Tuesday, December 10, 2013

Lanci plans statewide newspaper, Lanci Tribune

Ken Lanci isn’t done. The vanquished challenger from Cleveland’s mayoral race is trying to launch a statewide newspaper named after himself.

The Lanci Tribune, which began life as a campaign screed wrapped around the cover of Scene, posted ads for freelance journalists in Cleveland, Columbus, Cincinnati, Dayton and Toledo on CareerBuilder yesterday. “The focus will be on what the government is or is not doing and the impact it has on the people as well as business,” the ad says.

Lanci’s been thinking about this move since August, when Plain Dealer reporters greeted his candidacy with less respect than he felt it deserved.

“There’s a piece of me thinking about starting my own newspaper,” Lanci told me then, after complaining that PD reporter Leila Atassi had painted him as irresponsible in this story. “And the whole editorial mission is, give the facts. Do not editorialize [in] your stories. Do not print out of context. If you make a statement, what somebody said, you say all of it. That would be the standard. Anybody violates it, they’re out of here.”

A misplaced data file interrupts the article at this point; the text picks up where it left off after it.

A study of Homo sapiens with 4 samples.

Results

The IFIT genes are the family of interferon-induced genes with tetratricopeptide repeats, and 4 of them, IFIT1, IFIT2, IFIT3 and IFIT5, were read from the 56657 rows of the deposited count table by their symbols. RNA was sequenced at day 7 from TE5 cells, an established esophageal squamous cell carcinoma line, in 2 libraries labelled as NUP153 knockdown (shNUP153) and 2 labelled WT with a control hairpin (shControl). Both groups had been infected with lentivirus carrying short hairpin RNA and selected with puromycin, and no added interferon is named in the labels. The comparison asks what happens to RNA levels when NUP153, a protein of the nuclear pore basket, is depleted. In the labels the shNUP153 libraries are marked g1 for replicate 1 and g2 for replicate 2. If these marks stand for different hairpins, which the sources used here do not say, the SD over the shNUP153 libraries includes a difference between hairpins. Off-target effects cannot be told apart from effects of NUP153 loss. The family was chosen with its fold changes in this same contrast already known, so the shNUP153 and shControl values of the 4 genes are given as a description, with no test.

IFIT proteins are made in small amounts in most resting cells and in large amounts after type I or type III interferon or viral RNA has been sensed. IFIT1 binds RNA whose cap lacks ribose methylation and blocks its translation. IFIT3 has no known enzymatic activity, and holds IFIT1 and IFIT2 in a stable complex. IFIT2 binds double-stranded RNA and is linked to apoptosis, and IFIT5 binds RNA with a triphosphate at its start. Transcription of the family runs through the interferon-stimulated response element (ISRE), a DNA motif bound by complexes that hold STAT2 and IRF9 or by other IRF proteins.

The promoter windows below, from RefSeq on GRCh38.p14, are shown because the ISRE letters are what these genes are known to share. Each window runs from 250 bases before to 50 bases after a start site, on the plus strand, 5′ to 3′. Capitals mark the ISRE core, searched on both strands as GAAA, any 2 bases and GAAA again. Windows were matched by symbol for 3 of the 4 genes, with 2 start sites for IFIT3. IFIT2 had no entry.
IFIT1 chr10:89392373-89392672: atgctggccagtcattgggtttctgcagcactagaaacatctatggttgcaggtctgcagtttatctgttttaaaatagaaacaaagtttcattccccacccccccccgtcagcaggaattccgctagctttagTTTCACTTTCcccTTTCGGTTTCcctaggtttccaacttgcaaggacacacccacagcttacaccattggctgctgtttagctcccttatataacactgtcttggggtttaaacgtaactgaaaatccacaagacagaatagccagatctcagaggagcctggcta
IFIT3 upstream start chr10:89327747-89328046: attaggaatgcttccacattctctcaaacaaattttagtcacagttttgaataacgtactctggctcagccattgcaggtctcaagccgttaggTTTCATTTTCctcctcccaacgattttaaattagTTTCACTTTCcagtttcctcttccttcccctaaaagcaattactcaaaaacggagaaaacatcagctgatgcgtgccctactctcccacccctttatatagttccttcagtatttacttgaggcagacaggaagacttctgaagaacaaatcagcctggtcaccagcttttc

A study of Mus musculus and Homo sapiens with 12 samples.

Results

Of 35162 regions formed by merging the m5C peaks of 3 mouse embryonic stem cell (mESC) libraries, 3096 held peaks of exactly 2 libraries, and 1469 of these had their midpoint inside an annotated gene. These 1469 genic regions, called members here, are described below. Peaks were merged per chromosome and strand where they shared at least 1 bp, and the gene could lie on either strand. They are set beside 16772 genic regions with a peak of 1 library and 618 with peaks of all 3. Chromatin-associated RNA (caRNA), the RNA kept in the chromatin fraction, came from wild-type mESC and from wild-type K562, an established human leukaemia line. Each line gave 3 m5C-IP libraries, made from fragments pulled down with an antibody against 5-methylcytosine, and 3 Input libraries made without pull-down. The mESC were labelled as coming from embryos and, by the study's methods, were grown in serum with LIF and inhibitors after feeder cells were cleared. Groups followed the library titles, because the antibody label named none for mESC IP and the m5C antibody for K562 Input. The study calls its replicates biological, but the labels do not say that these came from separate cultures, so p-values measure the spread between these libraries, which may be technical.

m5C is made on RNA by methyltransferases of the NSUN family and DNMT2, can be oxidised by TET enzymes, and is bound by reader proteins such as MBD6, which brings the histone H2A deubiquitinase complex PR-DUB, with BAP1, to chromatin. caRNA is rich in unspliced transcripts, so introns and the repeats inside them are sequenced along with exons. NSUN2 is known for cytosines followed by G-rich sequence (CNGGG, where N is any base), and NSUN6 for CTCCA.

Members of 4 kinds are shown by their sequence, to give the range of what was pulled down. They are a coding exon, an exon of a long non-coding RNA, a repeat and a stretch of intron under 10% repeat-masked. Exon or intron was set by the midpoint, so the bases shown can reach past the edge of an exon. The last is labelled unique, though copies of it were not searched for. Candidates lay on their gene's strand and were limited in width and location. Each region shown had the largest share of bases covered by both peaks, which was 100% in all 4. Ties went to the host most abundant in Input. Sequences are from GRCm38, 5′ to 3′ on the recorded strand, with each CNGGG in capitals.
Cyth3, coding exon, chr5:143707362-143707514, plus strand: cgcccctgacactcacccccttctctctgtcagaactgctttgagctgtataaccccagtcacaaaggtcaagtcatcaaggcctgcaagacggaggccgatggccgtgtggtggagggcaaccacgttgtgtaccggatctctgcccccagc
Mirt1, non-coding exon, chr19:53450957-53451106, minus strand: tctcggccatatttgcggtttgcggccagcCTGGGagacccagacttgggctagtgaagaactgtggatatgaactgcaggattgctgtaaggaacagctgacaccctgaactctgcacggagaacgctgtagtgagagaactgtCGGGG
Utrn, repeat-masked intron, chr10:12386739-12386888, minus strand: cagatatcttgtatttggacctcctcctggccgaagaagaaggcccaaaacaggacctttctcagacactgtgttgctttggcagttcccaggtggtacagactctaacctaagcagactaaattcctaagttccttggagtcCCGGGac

Lanci’s resentment of the local press has hardened since.

“Shame on ALL of YOU! Call and Post, Plain Dealer, and Crain’s Cleveland Business, for Not Caring About the Children and the Residents of Cleveland,” read the lead headline on the second edition of the Lanci Tribune (which I saw, gathering dust, at various bars and diners around town after the election). The papers had endorsed incumbent Frank Jackson, and Lanci was mad. On election night, Lanci barred the press from his party, except for one WTAM reporter.

Remember the saying, “Freedom of the press belongs to those who own one”? Well, Lanci owns one. His company Consolidated Graphics Group gives him the tools, and his millions gives him the means. Now all he needs are some professional writers with “3-5 years experience writing for a newspaper or magazine” to give his self-titled paper a little polish.

But prospective applicants might want to ask, what’s the mission? Not to editorialize? Or to settle some scores for the boss?

Update, 12/11: The five ads have all disappeared from CareerBuilder, reports Nick Castele of WCPN, though they're still echoing on various sites for freelance writers. Cold feet?

1 comment:

Anonymous said...

Did the ads mention what the salary was to be? And how would that compare to, say, writing for The Scene?